Education Innovation will bring together some of the UK’s leading education experts and practitioners to share expert advice, training and guidance in using technology to improve teaching and learning.
Free to attend, Education Innovation is hoping to offer teachers insight into the latest learning technologies and how they can be used to help your students achieve their potential.
Central debate hub
Sponsored by RM Education, the show will host a number of debates alongside keynote speeches from people including academic and broadcaster Dr Alice Roberts, shadow education minister Stephen Twigg, psychotherapist and broadcaster Dr Tanya Byron, and BBC Click’s Spencer Kelly.
The future of the ICT and computing curriculum, what’s next for academies and free schools, and encouraging young people to consider careers in STEM are just some of the topics up for debate.
Key speakers include Natalie Evans (New Schools Network), Brian Lightman (Association of School and College Leaders), Maggie Philbin (broadcaster and TeenTeach founder), Francis Gilbert (teacher and author), Yvonne Baker (National Science Learning Centre), Stuart Ball (Microsoft), and David Way (National Apprenticeship Service).
Around 70 exhibitors from both worldwide corporations and a number of smaller specialist companies will be on-hand to showcase and demonstrate new and ground-breaking technology and ideas.
Teachers and educators will have free access to a varied programme of CPD workshops. These hands-on, interactive sessions, delivered by educators and thought-leaders, are aimed at giving practical ideas and know-how for teachers to take back to the classroom. Highlights include:
Using ICT to Inspire: Raising levels of creativity in children of all ages and abilities.
Fashion, Fads and Real Learning: Five pieces of research all teachers should know.
Sprogs with Blogs: Improving children’s literacy through blogging.?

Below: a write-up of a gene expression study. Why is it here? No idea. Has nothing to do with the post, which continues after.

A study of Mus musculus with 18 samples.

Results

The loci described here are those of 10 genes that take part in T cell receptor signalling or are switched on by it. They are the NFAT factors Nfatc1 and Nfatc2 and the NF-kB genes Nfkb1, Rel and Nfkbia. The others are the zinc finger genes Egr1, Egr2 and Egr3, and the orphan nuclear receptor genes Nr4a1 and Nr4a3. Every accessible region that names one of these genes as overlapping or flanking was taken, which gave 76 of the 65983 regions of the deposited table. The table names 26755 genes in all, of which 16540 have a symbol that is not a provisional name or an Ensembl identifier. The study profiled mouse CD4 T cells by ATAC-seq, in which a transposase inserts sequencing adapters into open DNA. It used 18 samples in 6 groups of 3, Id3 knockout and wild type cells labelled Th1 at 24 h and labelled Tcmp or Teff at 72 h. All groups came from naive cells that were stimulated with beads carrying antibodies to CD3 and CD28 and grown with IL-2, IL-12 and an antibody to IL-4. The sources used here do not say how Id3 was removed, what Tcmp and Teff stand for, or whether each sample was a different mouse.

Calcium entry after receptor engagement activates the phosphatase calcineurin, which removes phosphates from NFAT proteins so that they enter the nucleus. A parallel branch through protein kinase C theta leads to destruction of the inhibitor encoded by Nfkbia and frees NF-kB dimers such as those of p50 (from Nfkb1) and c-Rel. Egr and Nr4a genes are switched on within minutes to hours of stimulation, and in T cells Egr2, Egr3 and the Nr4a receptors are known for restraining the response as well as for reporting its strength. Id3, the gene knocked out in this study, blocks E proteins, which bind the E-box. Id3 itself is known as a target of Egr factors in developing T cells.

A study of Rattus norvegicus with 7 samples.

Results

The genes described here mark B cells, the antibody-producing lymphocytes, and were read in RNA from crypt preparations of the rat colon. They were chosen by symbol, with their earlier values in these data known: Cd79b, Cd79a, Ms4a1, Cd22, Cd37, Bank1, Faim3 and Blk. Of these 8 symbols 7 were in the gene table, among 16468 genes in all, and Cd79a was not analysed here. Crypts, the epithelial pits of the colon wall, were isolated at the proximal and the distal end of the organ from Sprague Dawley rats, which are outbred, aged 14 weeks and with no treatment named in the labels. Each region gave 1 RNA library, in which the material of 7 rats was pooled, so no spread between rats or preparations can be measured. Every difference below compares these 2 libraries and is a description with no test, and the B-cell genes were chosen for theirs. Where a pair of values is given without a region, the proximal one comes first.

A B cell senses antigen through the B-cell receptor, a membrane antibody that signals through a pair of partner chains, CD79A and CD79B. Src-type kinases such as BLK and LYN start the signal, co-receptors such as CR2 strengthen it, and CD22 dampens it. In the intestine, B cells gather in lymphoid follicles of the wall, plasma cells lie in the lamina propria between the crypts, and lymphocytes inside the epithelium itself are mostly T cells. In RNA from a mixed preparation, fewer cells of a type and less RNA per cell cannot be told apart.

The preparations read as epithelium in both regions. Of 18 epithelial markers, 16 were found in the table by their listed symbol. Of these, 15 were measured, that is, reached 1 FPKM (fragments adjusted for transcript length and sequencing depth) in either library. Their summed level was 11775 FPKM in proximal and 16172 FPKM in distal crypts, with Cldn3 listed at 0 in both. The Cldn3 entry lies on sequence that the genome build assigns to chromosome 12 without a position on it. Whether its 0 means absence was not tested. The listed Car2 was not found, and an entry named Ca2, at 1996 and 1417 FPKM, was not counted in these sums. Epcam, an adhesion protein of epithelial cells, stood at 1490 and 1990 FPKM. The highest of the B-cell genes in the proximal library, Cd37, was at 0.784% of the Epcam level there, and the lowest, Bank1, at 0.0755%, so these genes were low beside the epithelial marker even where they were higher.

The Role of Peer-to-Peer Learning in Teaching Computer Programming.
Developing a Social Media Strategy for Your School (with Jennifer Begg, who has written for SecEd on this theme recently).
There will also be tailored content for school leaders and business managers, with updates on the ICT curriculum from senior Ofsted and Department for Education (DfE) officials and seminars on academy conversion and teacher training. Elsewhere, there will be a session on managing the media, featuring SecEd’s editor Pete Henshaw.
Other speakers include school inspector and national advisor for ICT David Brown, Bob Harrison, chair of the Teaching Schools Technology Advisory Board,?David Weston, chief executive of the Teacher Development Trust, and Vanessa Pittard, head of the Technology Policy Unit at the DfE.
The leaders’ conference is the only paid-for section of the show. Tickets cost £60 for one day or £80 for two. SecEd readers can use discount code “SEC50” when registering to claim a 50 per cent discount. Early reservation is recommended (see later for details).
Education Innovation will also play host to a number of other events. Manchester Metropolitan University’s “iThink Therefore iPad” conference takes place on Friday, March 8, exploring the existing and potential applications of Apple’s iPad and iPod Touch within an educational context. “iThink” delegates will receive discounted entry to leaders’ conference sessions.
And, a year on from the launch of the Raspberry Pi computer (a credit-card sized computer developed to promote the teaching of computer science in schools), the Raspberry Jamboree will take place on Saturday, March 8.
Education Innovation is being held at Manchester Central on March 8 and 9 and 2,000 people are expected to come along. The show is free to attend but some of the CPD seminars may fill up quickly. As such early registration is advised.
You can register online at www.educationinnovation.co.uk and follow the build-up to the event on Twitter @EICEmanchester.
- Janet Murray is an education journalist.